It was a short walk on a summer afternoon in 2001. Wal Reat headed two blocks to the north. He had seen the low-slung, modern church near his subsidized apartment in his new hometown of Faribault, Minn., and he decided it was time for a visit. Standing 6 feet 6 inches, with skin as dark as chestnuts, and a soft, kindly face, he sauntered up the sidewalk and entered through the front door.

The church receptionist gave him a friendly wave, but he kept walking. “I was nervous because I didn’t know the people,” Wal remembers. “I had never been a Lutheran member before. I didn’t know about the Lutheran ways of worship. I didn’t know if the Lutherans believed in the same God or if they had their own beliefs. I didn’t know all those things. I didn’t know the people. And my English was also not good. Yes, I was nervous. Yes, it was difficult.”

Despite his fears, he entered the sanctuary and sat down in a pew to listen to the contemporary-music group rehearsing. Within minutes, the associate pastor walked over to shake his hand and invite him to worship the next Sunday. All the fears of not knowing how he would be received at this randomly chosen church near his apartment slowly began to recede with each welcoming smile. Everything changed for Wal – and Our Savior’s Lutheran Church – that day.

Wal’s journey is a classic refugee story, and yet it has a Lutheran twist. Like thousands of South Sudanese people, he sought asylum in the United States in 1995 after fleeing the civil war that destroyed his homeland and sent his family seeking a safe haven. While his family experienced unimaginable suffering – many of them are still displaced in Africa – Wal’s story in America is infused with hope, anchored largely in the support of a congregation that has embraced his dream of spreading the Lutheran faith in the newly independent nation of South Sudan.

Today – 13 years after that casual visit to the neighborhood church – Wal is the fourth Sudanese person to be ordained in the Lutheran church in the United States and the first in the Southeasten Minnesota Synod of the ELCA. Having completed a pastoral internship at Our Savior’s in 2015, Wal will return to Africa to continue the mission work that is underway.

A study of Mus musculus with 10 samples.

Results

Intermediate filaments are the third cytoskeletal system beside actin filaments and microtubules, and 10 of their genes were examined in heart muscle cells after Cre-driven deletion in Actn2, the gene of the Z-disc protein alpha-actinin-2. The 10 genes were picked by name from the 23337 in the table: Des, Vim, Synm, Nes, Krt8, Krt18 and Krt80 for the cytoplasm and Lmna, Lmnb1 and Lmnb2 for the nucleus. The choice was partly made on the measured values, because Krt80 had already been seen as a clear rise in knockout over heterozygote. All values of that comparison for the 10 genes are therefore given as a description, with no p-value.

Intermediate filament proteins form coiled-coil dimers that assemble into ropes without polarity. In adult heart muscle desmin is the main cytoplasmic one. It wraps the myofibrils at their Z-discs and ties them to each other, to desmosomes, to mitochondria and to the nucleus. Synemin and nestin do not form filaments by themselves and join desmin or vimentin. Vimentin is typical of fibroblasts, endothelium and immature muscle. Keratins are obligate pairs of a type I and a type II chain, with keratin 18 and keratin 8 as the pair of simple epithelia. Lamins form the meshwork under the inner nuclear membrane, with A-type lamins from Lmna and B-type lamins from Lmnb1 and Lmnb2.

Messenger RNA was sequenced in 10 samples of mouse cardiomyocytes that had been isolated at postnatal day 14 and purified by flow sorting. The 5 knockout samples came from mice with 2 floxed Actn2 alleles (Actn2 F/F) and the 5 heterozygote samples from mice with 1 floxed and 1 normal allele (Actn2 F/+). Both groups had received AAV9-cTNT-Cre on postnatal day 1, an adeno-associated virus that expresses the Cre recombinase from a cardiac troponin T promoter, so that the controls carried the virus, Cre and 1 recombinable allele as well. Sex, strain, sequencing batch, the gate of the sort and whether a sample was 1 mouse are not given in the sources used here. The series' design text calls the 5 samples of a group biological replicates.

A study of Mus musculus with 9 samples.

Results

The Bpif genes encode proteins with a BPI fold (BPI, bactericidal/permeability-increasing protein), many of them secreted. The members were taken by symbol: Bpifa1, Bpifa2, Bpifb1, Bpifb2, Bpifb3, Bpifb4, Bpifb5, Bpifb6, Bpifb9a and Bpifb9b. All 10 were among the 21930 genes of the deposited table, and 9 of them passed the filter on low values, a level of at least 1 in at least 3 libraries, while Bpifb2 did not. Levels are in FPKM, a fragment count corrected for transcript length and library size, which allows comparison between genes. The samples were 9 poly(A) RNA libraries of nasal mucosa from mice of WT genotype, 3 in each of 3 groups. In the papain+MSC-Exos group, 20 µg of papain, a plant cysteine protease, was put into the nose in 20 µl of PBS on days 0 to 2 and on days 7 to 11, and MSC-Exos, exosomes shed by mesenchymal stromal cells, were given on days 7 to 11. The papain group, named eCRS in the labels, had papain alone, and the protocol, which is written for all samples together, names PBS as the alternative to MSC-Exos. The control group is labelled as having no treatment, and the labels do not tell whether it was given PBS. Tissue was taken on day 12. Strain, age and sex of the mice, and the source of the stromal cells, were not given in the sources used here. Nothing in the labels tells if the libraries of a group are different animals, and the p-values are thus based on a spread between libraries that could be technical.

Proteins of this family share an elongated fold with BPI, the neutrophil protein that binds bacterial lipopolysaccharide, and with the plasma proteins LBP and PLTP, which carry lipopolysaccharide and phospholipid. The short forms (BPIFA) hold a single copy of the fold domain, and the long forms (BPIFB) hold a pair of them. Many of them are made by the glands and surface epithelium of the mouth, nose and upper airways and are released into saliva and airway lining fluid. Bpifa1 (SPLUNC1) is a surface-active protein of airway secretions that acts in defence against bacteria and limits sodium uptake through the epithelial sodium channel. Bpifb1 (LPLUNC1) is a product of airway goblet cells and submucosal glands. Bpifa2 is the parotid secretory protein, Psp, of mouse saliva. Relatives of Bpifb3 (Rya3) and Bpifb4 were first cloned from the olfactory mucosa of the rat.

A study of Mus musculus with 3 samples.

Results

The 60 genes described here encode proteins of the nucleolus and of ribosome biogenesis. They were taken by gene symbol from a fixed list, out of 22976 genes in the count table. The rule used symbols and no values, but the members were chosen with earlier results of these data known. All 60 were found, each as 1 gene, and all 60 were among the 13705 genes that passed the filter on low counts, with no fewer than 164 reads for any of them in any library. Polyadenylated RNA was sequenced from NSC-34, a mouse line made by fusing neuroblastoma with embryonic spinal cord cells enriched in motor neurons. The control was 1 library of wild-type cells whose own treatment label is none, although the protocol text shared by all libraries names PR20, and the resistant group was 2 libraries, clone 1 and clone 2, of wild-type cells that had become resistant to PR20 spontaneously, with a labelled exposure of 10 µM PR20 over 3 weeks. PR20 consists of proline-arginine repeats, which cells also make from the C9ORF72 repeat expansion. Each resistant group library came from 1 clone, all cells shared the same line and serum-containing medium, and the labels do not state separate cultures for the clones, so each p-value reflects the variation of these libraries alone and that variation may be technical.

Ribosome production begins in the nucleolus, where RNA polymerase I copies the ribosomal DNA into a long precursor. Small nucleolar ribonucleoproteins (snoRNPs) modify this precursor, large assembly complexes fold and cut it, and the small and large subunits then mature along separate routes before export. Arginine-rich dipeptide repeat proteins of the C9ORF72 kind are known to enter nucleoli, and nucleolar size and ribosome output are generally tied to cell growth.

However, the situation in South Sudan remains tenuous. Wal describes the political situation as a dictatorship that suffers from internal corruption and tribalism. There is also a general lack of security that inhibits work within the country. While a number of the lay ministers remain in the Nasir area, several of the evangelists have relocated to refugee camps to continue ministry among South Sudanese refugees.

Despite the challenges, the future is filled with expectations and plans. Wal hopes to return to his family in Africa in the near future and envisions spreading the Lutheran message as much as possible in South Sudan. “Whenever I think back to the things I have faced – the challenges, the wars, my brother in 1988 who stepped on a land mine and I was hit at that time too – so there were a lot of things – I think God was with me for the long journey.”

Amy Wolf
Amy Wolf has served as director of communications at Shattuck-St. Mary’s School in Faribault, Minn., for nearly 20 years. She has a journalism degree from Indiana University and a MBA degree from Northwestern University. Always Being Made New: The Campaign for the ELCA supports Wal and others working to build the church in South Sudan.